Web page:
By summer 1960, the 18-year-old Cassius Clay had already taken his amateur career to the limit. Fighting more than 100 bouts and twice nabbing the National Golden Gloves, he had few benchmarks left to pass before entering the professional ranks. And it was still another four years before he could challenge Sonny Liston for the heavyweight title.
Olympic gold is the crowning achievement for any amateur, and when he arrived in Rome, the man who would be Muhammad Ali set about to pick up what he felt was already his. By all accounts, Clay was one of the most popular faces around the Olympic Village, learning everyone’s name and displaying an astonishing charisma for someone of his tender years. “The Louisville Lip, ” as he was sometimes called, talked his way into the hearts of the many other competitors who’d given their lives to sport. What separated the young boxer from these men and women was his outward display of the bravado they felt but rarely voiced. In this way, Clay was an athlete’s athlete: He cultivated an unshakable self-confidence, and he bought his own hype.
This was also how Clay trained. His irresistible fighting words set an uncommonly high standard for himself. Clay led with his mind and with his mouth, and his body followed. At that time, Clay’s boxing style was virtually unsolvable and his hand speed was otherworldly. He exploited small perforations in his opponents’ defense, and meanwhile focused on making them miss. With complete faith in his training, Clay had designed an exercise in frustration and exhaustion for any would-be challengers.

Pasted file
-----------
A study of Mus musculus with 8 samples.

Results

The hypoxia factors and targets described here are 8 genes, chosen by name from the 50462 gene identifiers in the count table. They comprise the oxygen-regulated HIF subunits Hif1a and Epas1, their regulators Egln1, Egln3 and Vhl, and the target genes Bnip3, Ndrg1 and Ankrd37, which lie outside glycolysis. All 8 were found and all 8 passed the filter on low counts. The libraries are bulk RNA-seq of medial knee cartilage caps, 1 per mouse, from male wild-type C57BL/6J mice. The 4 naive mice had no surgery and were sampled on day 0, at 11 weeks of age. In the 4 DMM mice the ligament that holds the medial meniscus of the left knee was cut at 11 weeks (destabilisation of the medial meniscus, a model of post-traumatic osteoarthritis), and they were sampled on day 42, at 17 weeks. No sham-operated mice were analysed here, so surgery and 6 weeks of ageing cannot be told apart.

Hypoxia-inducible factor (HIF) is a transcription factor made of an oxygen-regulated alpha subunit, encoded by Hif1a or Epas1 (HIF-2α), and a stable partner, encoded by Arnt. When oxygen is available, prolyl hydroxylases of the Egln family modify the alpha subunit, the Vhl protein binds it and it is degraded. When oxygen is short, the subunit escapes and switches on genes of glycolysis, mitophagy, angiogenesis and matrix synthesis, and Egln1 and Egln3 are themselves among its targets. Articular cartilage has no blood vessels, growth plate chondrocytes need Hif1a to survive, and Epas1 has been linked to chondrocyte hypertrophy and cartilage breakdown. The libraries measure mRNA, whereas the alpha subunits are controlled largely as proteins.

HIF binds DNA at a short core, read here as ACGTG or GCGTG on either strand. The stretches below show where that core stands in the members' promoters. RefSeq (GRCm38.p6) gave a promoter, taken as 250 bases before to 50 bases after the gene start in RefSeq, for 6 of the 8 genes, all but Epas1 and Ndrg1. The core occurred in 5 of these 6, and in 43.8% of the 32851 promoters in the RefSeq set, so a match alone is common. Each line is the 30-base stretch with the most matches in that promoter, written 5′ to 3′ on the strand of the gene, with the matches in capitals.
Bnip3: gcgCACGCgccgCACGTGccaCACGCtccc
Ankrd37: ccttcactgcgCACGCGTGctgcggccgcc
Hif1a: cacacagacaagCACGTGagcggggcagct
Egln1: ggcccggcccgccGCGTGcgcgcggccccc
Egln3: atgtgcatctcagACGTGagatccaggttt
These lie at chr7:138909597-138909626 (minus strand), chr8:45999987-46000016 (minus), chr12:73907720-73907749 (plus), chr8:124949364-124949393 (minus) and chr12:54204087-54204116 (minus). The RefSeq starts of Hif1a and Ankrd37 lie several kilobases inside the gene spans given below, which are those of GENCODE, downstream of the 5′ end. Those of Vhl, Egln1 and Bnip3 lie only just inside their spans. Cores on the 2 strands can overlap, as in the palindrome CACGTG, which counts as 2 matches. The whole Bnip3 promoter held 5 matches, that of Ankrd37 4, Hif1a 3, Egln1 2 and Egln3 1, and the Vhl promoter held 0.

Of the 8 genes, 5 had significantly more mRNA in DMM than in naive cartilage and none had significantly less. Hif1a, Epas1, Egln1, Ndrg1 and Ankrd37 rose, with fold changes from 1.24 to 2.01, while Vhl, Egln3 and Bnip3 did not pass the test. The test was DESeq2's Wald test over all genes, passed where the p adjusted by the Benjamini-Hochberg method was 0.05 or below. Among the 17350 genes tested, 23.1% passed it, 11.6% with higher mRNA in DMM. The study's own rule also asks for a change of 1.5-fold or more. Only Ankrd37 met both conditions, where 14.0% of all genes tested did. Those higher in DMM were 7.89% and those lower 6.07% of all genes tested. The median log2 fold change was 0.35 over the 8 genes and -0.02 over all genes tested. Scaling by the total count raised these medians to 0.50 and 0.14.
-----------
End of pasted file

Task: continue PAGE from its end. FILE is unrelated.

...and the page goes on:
Grainy video of the highlights of Clay’s 1960 bout with Polish pugilist Zbigniew Pietrzykowski shows considerable contrast in the figures of the two fighters. Though lean and undoubtedly athletic, the teenage Clay was still a bit lanky. Pietrzykowski was 25 years old, a chiseled and experienced fighter with an Olympic Bronze already under his belt. The odds were not necessarily in Clay’s favor. The bout was no picnic either, as every judge gave the first round to Pietrzykowski. But in the second and third rounds, Clay turned the match—forcing the action and visibly stunning Pietrzykowski at least twice to seal it. Clay’s extraordinary combination of hand speed and frustrating defense won the day, and Pietrzykowski completely exhausted himself looking to score.
Clay wore his gold medal for days after the victory. He learned to sleep on his back so the medal wouldn’t press into his body. He flashed it everywhere, hoping to be recognized and celebrated for his victory. But Clay’s attachment to the medal faded quickly. To put it mildly, it was a volatile time for American sports, politics and race relations. After a particularly racist incident soured him on his country, Clay alleged that he threw the medal into the Ohio River. Or so goes the story—it was also claimed he simply misplaced it.